Phillip Smith
commentary

Much to my own surprise, I believe the "native app" for mobile is here to stay.

I happened to end up in a conversation with my old Web of Change friend, Andre Charland, last night. We haven’t spoken in a few months, and his first update to me was “Dude, …I work for Adobe now.”

To say that I was stunned is an understatement, but then I recalled seeing a headline yesterday about Adobe killing the mobile version of Flash and it all started to come into focus.

I haven’t been keeping up-to-date with Andre’s world – Nitobi and PhoneGap – which is why I hadn’t caught the announcement that they had been acquired by Adobe last month. Perhaps these are the two smartest decisions that Adobe has made in recent years: hiring one of the smartest people I know, Captain Ajax, and acquiring one of the most promising mobile platforms on the market.

Last June, when I started producing the first iteration of The Tyee’s mobile “app,” I sought out Andre’s advice on how to proceed. At the time, Phone Gap was relatively new, maybe a year old, and still working on Windows and Blackberry support. The idea of taking an HTML5 and JavaScript “app,” wrapping & compiling it, and making it available on in the Apple App Store and Android market was also new and not without a fair amount of risk.

There was even some risk in the nascent HTML5 + JavaScript approach on its own at that time. The two frameworks that appeared to be leading the pack, jQuery Mobile and Sencha Touch, were either in alpha or in a pre-1.0 release state.

Nonetheless, we took the risk, and dived in with Sencha Touch. And now we are just closing in on the release of a more streamlined, and basic, mobile version of the site.

Today, I read that the “native app” is going the way of the CD-ROM, but – to my own surprise – I’m ready to go in the other direction. In my mind, I want to say I had the same experience and share the same confidence as mndaily.com’s Kevin Schaul, who writes “‘App’ is a buzzword, but the only app that will matter is the browser.” But my gut and practicality has me more convinced of the permanent, and necessary, role of the native app.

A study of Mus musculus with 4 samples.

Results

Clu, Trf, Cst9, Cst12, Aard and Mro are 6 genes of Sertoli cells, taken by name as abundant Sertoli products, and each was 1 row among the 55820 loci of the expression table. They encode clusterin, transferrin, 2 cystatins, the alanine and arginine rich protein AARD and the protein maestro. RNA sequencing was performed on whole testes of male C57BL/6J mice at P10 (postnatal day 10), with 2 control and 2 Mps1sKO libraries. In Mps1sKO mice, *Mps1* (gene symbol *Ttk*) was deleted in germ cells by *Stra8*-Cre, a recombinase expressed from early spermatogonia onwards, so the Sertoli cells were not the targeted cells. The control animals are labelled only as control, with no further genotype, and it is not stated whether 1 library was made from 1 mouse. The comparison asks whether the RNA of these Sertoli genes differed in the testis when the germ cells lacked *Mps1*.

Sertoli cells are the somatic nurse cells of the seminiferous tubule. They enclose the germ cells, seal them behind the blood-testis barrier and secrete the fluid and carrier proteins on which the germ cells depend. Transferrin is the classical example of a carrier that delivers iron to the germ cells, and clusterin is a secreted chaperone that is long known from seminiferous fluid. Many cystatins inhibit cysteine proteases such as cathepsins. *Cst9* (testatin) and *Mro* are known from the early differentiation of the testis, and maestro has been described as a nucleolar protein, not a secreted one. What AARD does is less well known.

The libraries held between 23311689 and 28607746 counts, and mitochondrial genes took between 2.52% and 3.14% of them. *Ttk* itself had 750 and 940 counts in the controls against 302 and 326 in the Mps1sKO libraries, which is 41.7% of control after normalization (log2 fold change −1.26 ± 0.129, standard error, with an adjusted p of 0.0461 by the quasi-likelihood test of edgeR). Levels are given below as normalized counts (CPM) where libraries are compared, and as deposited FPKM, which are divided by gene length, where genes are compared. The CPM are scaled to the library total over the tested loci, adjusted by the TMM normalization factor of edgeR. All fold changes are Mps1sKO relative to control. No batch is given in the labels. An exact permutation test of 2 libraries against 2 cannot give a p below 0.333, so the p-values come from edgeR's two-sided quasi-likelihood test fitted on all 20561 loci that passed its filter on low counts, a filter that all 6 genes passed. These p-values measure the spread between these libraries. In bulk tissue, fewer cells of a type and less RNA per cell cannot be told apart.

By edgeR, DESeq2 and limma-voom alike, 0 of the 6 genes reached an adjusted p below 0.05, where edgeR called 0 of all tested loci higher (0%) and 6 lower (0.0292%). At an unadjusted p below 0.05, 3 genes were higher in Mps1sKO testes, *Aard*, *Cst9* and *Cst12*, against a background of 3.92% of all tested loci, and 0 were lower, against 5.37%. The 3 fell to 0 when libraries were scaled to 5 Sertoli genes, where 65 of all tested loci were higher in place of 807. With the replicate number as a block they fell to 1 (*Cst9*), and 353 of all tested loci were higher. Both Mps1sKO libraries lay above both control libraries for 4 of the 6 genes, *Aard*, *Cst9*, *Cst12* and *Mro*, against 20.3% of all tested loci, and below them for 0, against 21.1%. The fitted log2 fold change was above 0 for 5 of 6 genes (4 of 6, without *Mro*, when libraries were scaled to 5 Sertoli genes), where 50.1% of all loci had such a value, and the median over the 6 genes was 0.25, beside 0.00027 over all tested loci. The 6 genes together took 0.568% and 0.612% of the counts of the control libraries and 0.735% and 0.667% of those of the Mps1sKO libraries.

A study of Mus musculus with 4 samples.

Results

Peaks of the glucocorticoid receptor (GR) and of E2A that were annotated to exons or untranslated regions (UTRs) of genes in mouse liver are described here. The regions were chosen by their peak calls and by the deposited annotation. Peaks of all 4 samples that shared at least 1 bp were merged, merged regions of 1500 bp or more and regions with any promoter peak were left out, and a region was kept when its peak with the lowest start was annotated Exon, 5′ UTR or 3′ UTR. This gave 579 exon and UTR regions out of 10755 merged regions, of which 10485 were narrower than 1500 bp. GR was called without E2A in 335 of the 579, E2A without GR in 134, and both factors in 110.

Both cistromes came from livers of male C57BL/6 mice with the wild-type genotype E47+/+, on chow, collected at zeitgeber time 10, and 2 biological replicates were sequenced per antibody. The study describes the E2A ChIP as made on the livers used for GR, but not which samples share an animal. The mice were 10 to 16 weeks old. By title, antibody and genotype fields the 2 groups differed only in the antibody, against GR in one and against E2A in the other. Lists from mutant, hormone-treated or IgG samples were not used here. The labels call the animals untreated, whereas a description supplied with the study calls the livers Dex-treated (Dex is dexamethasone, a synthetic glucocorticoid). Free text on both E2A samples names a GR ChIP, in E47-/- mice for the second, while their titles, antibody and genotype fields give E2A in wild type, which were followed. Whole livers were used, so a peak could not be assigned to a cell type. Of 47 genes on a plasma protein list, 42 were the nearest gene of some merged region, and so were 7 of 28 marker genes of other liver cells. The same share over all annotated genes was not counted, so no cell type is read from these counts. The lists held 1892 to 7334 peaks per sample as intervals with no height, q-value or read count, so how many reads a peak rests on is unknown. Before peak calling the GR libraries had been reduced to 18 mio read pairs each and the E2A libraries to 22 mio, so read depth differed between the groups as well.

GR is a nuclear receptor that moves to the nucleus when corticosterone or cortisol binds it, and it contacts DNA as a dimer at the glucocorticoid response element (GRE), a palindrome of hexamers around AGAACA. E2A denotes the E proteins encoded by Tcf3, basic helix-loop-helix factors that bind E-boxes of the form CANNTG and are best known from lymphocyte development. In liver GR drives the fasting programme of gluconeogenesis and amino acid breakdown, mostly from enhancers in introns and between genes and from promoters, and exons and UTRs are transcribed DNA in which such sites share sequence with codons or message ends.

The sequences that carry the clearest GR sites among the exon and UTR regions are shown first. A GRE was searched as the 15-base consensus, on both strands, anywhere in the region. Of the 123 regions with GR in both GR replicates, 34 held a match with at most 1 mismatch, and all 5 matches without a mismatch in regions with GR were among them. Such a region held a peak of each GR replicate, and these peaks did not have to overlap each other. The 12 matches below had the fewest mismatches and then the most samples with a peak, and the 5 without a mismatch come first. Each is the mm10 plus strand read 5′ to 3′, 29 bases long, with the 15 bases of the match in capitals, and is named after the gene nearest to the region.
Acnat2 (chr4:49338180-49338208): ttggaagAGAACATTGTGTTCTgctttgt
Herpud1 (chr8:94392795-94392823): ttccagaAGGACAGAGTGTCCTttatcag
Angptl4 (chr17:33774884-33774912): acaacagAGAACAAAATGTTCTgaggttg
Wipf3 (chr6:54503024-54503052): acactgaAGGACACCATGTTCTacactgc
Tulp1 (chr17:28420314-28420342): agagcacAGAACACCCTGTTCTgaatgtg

Kevin writes that “custom layouts are a breeze” in these mobile-Web frameworks, and – no doubt – new initiatives like Yahoo’s Coctails will push the envelope even further.

This is all great stuff. But it is not like Apple and Android are sitting on their hands and not innovating. Each release of Xcode and the iOS SDK advances the field of native app development by considerable measures. If you think that Sencha or jQuery Mobile provide a lot of UI widgets, you probably haven’t tried building a basic iOS app – the phrase “batteries included” doesn’t even scratch the surface. And I’m not personally a Java programmer, but there are certainly a lot of them out there, and that makes Android a pretty appealing platform too.

I take Kevin’s point that, from the perspective of a daily news operation, the benefit of diving into native apps before sorting out the more obvious concerns – a mobile version of the site, for example – may not be the right strategy. However, my feelings today, after exploring in two Web-first mobile directions this past year, and also experiencing the state-of-the-art of responsive & responsible news sites, is that there are still a lot of good reasons to think about native apps right now, and probably will be for some time to come.

The most obvious reason is the money. Until someone cracks that nut, I think the future of the native app is quite secure. (Flash on the other hand, is probably heading in the direction of the CD-ROM.)

About

Hi, I'm Phillip Smith, a veteran digital publishing consultant, online advocacy specialist, and strategic convener. If you enjoyed reading this, find me on Twitter and I'll keep you updated.